November 27, 2014
Ernestina, Magnetto say goodbye to Clarín brand
Clarín Group name will stay in Unit 1, which includes channels, print publications
The Clarín Group gave up the long-awaited names. Months after first presenting a divestment plan to adjust to the 2009 Broadcast Media Law, the country’s largest media conglomerate yesterday revealed that it wants company owner Ernestina Herrera de Noble and CEO Héctor Magnetto to keep a controlling stake in the business unit that will hold Cablevisión and Fibertel (Unit 2) while directors José Antonio Aranda and Lucio Pagliaro will be majority shareholders in the unit that will control most of the broadcast properties, the newspapers — and the Grupo Clarín name. The move increases the pressure on Telefónica to sell the Telefe broadcast network to adjust to the law.
An initial reading of the proposal suggests that it complies with the Media Law requirements, according to the AFSCA source.
The Unit 1 that will have Channel 13, Todo Noticias (TN) and popular AM radio station Radio Mitre among other assets will keep the Grupo Clarín name. While the one led by Herrera de Noble and Magnetto — the two most public executives — will keep the most profitable assets. As the Herald reported earlier this week, the conglomerate’s cable TV and internet access divisions were by far the most profitable in the first quarter of 2014, on the back of an increase in the average revenue per user and subscriber growth in the cable TV and Internet access segment that Clarín operates through Cablevisión and Fibertel.
Meanwhile, Units 3, 4, 5, 6 — which contain a collection of regional television channels and radio stations — will be sold to as yet unnamed buyers should the proposal be accepted.
The new proposal is expected to speed up the administrative review of Telefónica’s proposal and the corresponding obligation that it sell the Telefe broadcast channel as it presents an incompatability with the Media Law, according to an AFSCA source.
The same AFSCA source told the Herald yesterday that the Clarín proposal was “received with satisfaction and that analysts and the National Securities Commission (CNV) are reviewing it to ensure that there are no hidden loopholes and that the division is effectively carried out.”
The situation of Telefónica, which is widely expected to be forced to sell off Telefe, will be discussed at the next AFSCA Board of Directors meeting, the AFSCA source said.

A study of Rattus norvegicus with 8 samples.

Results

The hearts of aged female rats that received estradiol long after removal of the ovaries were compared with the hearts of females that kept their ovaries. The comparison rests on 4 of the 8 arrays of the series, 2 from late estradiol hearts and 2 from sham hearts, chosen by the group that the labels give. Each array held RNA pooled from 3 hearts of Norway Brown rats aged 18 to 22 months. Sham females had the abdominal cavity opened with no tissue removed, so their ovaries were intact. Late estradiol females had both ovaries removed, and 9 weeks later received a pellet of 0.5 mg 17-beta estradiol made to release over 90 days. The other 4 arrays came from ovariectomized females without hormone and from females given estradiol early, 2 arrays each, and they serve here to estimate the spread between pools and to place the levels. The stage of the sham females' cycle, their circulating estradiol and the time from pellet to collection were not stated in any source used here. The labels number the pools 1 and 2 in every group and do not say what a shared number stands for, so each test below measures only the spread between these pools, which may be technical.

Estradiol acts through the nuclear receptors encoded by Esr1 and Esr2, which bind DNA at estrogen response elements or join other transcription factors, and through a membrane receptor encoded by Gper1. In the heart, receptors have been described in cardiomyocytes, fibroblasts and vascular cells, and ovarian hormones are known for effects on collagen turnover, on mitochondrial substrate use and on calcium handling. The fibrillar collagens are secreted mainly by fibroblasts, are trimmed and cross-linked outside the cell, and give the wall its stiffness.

Announcements regarding the Vila-Manzano proposal to adapt its holdings to the Broadcast Media Law are expected soon. Vila-Manzano is the second-largest player in the media market after Clarín.
Cutting the cake
As outlined by the conglomerate, the group’s main shareholders would split up so that they retain control over the first two units, which also happen to contain the most valuable of the Group’s assets.
Magnetto and Herrera de Noble will have no participation in Unit 1, and will only have stocks in Unit 2, the most profitable of the units within the group.
Although the proposal is still subject to approval from the AFSCA, Unit 1 would also contain the vast majority of assets that are not part of the media law, including newspapers Clarín, Olé and La Razón.
Magnetto and Herrera de Noble would thus relinquish control over the Clarín newspaper, the biggest megaphone for the group. In addition, Aranda and Pagliaro will have ownership over the DyN news agency and the stake in newsprint supplier Papel Prensa.
In addition to the cable television provider and Internet side of the business, Unit 2 will also contain 24 cable TV licences and the Metro cable television channel feed in the Buenos Aires City area. Mexican businessman David Martínez will remain a minority shareholder in Unit 2 through Fintech, provided that he doesn’t have to sell his share due to his controlling stake in Telecom Argentina.
As it stands, the first two units would still be traded on the Buenos Aires and London stock exchanges but as separate entities. The Clarín Group’s minority shareholders will be represented in both spinoffs, “preserving the value of their shares to the greatest extent possible” according to a press release.
Clarín emphasized yesterday that “the plan is technically, legally and economically beyond reproach.”
Cable is king
The lopsided nature of the profitability within the Clarín Group is evident in the group’s balance for its first quarter. As reported by the Herald, Cablevisión had 3,486,754 basic cable subscribers, some 79,000 more than a year earlier, while Fibertel reported 1,740,999 Internet subscribers, almost 200,000 more than during the first quarter of 2013. The segment generated an EBITDA (earnings before interest, tax, depreciation and amortization) of 1.04 billion pesos in the first quarter of 2014.
Publishing sales — which will remain in Unit 1 — not only represent a small part of total income, continuing a long-term trend, but this year contributed to a negative EBITDA of 31.6 million pesos, compared with a 4.5-million profit during the same period of 2013.